Study Finds Coyotes, Bobcats Eating Deer

By Frye, Bob | Tribune-Review/Pittsburgh Tribune-Review, May 14, 2012 | Go to article overview

Frye, Bob, Tribune-Review/Pittsburgh Tribune-Review

You can't talk about deer in Pennsylvania without someone bringing up the coyotes that eat some of them.

But how big of an impact do they have?

Pennsylvania hasn't studied the issue since about 2000, but another state did more recently, albeit in a backhanded kind of way.

Researchers in Michigan this past winter looked at predation on white-tailed deer in the Upper Peninsula, largely to see how many deer were being eaten by the roughly 700 wolves that live there. What they found is that coyotes and bobcats, in that order, eat more deer than wolves do. Hunters were the third-biggest cause of mortality among deer, with wolves fourth.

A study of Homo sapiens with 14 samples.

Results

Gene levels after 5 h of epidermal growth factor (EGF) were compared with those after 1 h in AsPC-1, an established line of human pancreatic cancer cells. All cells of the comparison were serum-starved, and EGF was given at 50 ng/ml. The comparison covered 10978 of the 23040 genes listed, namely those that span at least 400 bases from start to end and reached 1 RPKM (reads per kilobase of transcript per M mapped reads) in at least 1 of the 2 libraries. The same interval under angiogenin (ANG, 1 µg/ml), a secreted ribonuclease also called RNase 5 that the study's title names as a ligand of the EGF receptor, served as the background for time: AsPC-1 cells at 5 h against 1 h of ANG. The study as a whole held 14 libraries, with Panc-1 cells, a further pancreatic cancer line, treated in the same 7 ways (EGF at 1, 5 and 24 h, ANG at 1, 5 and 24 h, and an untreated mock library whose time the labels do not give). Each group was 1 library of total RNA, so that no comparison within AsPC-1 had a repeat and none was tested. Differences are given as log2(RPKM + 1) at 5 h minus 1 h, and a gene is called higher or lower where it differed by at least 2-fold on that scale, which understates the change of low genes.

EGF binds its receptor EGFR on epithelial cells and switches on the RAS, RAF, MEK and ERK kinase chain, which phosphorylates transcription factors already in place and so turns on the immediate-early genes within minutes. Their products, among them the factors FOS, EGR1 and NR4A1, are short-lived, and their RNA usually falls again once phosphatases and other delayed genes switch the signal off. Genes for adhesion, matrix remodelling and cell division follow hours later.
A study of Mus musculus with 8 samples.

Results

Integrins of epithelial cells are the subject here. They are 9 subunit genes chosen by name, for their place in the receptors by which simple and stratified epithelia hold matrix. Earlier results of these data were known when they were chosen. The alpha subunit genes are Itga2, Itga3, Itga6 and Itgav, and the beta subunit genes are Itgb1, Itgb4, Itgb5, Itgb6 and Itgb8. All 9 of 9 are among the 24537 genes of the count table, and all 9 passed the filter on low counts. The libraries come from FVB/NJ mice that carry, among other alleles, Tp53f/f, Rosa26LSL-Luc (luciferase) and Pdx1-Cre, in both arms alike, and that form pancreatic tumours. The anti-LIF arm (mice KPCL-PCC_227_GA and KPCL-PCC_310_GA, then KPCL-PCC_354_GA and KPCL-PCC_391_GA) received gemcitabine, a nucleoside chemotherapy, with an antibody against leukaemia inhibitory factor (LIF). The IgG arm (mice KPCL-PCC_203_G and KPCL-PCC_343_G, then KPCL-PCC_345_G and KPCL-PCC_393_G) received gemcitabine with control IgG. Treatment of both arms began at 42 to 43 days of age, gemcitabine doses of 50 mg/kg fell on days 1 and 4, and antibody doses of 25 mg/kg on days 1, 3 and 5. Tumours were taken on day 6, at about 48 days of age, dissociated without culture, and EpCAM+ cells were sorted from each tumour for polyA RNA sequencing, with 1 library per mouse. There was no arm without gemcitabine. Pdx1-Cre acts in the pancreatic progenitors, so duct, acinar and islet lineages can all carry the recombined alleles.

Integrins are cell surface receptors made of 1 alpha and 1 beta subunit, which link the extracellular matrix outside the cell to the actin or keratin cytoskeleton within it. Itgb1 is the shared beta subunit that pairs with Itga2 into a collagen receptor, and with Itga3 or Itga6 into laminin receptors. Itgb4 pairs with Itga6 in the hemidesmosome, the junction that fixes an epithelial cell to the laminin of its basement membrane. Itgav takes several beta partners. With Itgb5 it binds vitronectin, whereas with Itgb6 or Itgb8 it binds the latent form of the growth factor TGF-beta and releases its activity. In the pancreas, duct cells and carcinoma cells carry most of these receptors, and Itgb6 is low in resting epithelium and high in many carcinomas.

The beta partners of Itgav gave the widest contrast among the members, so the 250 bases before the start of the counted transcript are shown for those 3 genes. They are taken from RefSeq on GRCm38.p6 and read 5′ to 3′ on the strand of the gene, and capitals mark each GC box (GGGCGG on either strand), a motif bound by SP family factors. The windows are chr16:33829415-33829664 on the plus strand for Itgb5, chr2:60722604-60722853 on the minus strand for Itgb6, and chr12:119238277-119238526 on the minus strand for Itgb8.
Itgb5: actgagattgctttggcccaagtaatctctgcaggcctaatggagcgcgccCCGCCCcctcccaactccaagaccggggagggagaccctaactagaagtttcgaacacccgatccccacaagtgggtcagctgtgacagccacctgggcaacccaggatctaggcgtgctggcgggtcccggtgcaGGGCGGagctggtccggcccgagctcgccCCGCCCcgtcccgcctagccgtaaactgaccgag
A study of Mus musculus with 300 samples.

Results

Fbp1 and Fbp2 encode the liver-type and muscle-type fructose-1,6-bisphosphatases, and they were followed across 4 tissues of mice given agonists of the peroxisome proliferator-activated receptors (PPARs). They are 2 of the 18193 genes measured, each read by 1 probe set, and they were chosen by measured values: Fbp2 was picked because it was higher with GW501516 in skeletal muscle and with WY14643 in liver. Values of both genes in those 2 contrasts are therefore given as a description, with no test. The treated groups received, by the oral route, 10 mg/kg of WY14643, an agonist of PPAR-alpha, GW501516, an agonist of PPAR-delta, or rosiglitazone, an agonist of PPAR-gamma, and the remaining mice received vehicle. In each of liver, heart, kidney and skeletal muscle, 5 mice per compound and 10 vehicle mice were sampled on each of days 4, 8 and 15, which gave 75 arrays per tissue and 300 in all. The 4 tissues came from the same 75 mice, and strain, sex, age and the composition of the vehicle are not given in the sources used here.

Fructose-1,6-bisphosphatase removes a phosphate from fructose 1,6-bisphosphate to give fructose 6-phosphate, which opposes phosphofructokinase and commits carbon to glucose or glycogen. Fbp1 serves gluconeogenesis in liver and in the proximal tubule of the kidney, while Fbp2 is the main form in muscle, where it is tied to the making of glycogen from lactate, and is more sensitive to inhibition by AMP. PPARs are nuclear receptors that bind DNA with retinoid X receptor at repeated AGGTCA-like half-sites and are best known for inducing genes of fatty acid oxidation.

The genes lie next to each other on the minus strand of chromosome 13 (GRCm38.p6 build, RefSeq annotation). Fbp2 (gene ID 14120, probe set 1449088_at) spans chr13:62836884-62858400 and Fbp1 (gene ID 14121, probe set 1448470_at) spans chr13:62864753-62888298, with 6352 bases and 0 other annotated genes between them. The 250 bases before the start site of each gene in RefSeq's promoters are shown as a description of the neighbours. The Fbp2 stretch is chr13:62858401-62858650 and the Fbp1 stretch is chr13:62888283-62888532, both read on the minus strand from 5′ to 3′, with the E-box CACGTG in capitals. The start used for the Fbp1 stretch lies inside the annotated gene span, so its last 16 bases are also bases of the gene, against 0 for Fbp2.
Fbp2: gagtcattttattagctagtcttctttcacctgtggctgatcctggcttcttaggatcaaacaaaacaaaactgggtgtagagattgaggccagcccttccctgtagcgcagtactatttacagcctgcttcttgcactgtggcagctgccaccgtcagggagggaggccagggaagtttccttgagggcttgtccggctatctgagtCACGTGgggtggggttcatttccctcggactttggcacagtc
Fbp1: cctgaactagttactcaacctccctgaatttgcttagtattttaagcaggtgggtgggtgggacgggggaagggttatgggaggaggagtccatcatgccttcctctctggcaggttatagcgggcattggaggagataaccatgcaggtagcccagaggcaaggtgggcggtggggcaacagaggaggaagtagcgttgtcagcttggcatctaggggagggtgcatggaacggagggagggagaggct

Biologists said wolf predation may jump ahead of that by coyotes as the study expands into areas with more wolves.

Eagles back in the wild

Two bald eagles are back to living in the wild after being rehabilitated.

Pennsylvania Game Commission wildlife conservation officer Larry Smith picked up the two female birds -- one mature, one not -- at separate spots in Crawford County last year, in April and July. The mature bird had pellet wounds from a gunshot. The younger bird is thought to have suffered from West Nile Virus.

Both were taken to the Tamarack Wildlife Rehabilitation and Education Center. In April, after months of treatment, both were released on the Pymatuning Wildlife Management Area of state game land 214.